An image from the movie "Bad Moms."
Source: STX Entertainment
An image from the movie "Bad Moms."

Here's a pretty safe prediction: Hillary Clinton will win a nice majority of the female vote this year. But that's not so much because Clinton is a woman. It's more due to the negative reaction most women have to her opponent, Donald Trump, and the traditional advantage the Democrats have with women voters because of the party's religious devotion to abortion rights.

Is there any way Trump can cut into this deficit among women? He could go the usual route and hire some expensive pollsters and analysts or he could just go and watch the new hit film, "Bad Moms."

You know, the movie where Mila Kunis, Kristen Bell, and Christina Applegate are moms on the brink – ready to snap from the pressure of being overworked and underappreciated, all while trying to make everything look perfect? It's a sort of "Moms Gone Wild," by co-writers/directors Jon Lucas and Scott Moore, the same guys who brought us "The Hangover."

"Bad Moms" doesn't just depict this high-pressured set of expectations we put on moms today, it spells it out in the midst of a riotous and down-and-dirty PTA presidential election. Kunis' character delivers a campaign speech that lists just about all of these unreasonable standards that moms face and lets her fellow moms know that it should be OK to be a "bad mom" in such an atmosphere. It also helps that her opponent in the election eerily resembles an odd composite of Hillary Clinton and the stereotypical Republican image of the perfect mom (played by Christina Applegate). Later, the film brilliantly doubles down on its on-target message as Kunis tells her son that if she keeps making his breakfast and doing his school projects for him, he's going to grow up to be another entitled white male in a bad Ska band who has a goatee and is mean to girls.

This movie may seem like just a fun diversion from the serious news headlines about Clinton, Trump and the future of America. But it's actually a very telling political lesson about how to connect with female voters.

Forget the handouts and lofty promises about how we can help you "have it all." What if a politician just stood up and said: These expectations we put on moms are unrealistic! It's unfair and I understand. How can we help you?

I know a few moms (and even women without children) who might just stand up and cheer for that.

"Bad Moms" may have been written by two men, but that's all the more proof that a good persuader/candidate can really connect with female voters regardless of that candidate's gender.

As it stands now, no candidate or political party seems to be interested in spending any significant amount of time talking about providing relief to working parents.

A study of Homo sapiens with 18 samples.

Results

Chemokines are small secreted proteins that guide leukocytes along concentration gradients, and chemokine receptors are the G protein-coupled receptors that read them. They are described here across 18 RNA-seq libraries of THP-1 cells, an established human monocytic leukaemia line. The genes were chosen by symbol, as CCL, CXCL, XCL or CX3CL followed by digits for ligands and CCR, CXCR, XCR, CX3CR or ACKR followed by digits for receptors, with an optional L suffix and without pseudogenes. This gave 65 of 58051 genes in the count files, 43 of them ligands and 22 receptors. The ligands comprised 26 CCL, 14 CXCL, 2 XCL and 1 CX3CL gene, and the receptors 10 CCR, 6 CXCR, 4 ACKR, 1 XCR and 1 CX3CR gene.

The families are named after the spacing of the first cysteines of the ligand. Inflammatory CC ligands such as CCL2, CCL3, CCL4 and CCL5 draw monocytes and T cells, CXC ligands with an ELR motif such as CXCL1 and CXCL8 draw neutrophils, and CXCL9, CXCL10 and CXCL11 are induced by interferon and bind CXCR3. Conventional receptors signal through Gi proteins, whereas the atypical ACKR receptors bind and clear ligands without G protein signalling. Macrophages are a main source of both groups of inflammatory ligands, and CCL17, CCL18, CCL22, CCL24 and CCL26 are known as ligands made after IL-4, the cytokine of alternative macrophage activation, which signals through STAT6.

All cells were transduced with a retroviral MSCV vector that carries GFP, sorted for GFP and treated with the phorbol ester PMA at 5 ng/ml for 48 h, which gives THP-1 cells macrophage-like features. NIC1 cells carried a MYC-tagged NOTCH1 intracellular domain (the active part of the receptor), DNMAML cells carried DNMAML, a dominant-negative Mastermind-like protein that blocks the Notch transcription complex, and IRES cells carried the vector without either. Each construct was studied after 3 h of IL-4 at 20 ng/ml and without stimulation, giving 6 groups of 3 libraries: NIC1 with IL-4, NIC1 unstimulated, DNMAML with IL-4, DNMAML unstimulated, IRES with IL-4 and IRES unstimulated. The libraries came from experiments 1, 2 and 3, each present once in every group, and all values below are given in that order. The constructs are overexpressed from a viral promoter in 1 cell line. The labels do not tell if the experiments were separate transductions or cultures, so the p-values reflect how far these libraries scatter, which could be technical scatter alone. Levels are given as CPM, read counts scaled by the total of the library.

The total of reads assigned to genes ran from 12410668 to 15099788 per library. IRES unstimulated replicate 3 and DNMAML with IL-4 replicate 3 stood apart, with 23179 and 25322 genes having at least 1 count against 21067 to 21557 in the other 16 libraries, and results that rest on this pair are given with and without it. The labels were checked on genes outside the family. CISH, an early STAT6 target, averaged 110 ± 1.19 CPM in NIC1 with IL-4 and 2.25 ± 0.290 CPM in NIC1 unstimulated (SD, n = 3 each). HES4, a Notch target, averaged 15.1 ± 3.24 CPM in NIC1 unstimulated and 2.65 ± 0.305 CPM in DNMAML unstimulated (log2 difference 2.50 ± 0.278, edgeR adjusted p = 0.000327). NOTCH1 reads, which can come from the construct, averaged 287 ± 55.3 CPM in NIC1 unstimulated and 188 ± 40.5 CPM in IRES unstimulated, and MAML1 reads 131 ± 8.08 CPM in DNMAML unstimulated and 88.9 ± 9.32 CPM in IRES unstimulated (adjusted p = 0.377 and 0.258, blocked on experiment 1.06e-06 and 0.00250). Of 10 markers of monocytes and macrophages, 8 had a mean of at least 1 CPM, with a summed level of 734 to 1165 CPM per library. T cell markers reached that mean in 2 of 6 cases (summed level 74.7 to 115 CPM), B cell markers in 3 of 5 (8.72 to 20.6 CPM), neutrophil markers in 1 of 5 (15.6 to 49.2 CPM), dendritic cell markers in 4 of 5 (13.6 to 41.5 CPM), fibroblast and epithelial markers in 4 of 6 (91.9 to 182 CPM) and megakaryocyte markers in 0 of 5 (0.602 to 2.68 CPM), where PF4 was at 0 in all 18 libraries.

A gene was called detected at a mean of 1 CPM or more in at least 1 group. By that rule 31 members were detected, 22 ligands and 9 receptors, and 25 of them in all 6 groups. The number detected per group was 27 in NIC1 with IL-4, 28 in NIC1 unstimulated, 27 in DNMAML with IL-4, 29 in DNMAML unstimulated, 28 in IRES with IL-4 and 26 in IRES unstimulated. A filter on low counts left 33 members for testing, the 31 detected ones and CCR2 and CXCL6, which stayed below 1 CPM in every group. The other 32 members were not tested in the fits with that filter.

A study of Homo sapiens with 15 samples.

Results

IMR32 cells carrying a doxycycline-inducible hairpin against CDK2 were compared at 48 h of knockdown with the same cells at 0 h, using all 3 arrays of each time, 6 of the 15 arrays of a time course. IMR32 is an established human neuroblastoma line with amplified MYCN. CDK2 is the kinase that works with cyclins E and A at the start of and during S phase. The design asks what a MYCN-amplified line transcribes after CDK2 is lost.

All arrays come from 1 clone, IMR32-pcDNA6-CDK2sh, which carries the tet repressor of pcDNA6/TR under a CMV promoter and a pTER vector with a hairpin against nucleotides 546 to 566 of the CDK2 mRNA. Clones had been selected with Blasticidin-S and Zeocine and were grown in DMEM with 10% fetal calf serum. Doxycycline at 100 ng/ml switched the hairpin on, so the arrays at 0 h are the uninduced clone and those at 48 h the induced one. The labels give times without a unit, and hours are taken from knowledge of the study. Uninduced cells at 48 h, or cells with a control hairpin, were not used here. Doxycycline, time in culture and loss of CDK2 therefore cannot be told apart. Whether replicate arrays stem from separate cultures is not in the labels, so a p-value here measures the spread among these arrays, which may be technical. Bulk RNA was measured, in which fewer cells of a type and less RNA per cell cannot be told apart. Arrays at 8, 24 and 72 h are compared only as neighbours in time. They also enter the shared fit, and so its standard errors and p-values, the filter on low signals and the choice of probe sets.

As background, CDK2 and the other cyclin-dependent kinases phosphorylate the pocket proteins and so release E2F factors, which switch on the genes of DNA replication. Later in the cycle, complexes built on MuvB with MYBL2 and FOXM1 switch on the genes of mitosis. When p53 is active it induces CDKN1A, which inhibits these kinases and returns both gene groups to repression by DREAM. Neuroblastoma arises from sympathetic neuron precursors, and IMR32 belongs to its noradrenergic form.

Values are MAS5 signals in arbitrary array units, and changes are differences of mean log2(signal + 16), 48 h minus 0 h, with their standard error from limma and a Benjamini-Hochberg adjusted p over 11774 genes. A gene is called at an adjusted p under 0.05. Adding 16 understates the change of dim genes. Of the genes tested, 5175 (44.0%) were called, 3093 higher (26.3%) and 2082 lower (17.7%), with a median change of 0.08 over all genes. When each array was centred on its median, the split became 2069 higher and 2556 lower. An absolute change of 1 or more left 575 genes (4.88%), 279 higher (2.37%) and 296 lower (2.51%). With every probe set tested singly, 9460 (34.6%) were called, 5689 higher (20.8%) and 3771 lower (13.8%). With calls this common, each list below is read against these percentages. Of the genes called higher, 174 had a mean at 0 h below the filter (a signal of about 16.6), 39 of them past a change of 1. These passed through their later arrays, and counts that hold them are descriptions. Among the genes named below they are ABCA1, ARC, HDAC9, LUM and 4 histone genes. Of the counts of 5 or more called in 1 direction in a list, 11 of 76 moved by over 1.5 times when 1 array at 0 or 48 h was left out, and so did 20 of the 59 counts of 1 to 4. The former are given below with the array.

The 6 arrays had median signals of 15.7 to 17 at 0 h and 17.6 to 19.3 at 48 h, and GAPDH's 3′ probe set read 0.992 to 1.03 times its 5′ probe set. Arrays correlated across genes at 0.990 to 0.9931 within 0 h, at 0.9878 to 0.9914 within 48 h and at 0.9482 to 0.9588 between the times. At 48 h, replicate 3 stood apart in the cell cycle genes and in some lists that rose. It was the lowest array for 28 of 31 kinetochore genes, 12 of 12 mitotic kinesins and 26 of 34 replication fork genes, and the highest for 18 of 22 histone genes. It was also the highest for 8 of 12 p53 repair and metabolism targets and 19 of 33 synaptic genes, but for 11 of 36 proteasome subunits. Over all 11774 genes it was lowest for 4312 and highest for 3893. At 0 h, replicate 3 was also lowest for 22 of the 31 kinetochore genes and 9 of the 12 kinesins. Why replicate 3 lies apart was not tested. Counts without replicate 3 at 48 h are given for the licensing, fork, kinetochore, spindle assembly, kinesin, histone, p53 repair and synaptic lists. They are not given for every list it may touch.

Ivanka Trump did try to address some of these issues during her speech at the Republican convention. But her message, which was about how her father will help working women by fighting for equal pay and affordable childcare, was light on details and not really backed up by the candidate himself after that.

The Democratic National Convention spin masters made sure that Chelsea Clinton went into great detail discussing how her mom always spent hours with her every night and attended all her piano lessons, etc. even after spending all day saving the world as a lawyer and First Lady. At some point, these kinds of images and expectations go beyond just being admirable goals and venture well into burdensome territory. It's like Martha Stewart with the perfect soufflé – life just isn't like that for most people.

Hillary herself has focused mostly on alleged sexist comments by Trump and focused on her own shattering of the electoral glass ceiling. Neither of those things solve the problems real moms face.

When even the so-called pro-feminist candidates don't seem to realize that relating to women politically goes beyond discussing just the legality of their reproductive choices, you know that we're in the relative Stone Age when it comes to earning the women's vote.

What we need is someone to say 1) You don't have to be perfect. That's BS. And 2) Here's how we're going to help you with affordable child care, a more flexible work schedule and a better work-life balance. These policies won't make things perfect — but they won't make you feel like chugging rosé out of a can every day. (Unless you like rosé in a can. In that case, carry on.)

How funny is it that an off-color R-rated comedy is way ahead of the curve when it comes to our national political discourse?


Commentary by Jake Novak, supervising producer of "Power Lunch." Follow him on Twitter @jakejakeny.

For more insight from CNBC contributors, follow @CNBCopinion on Twitter.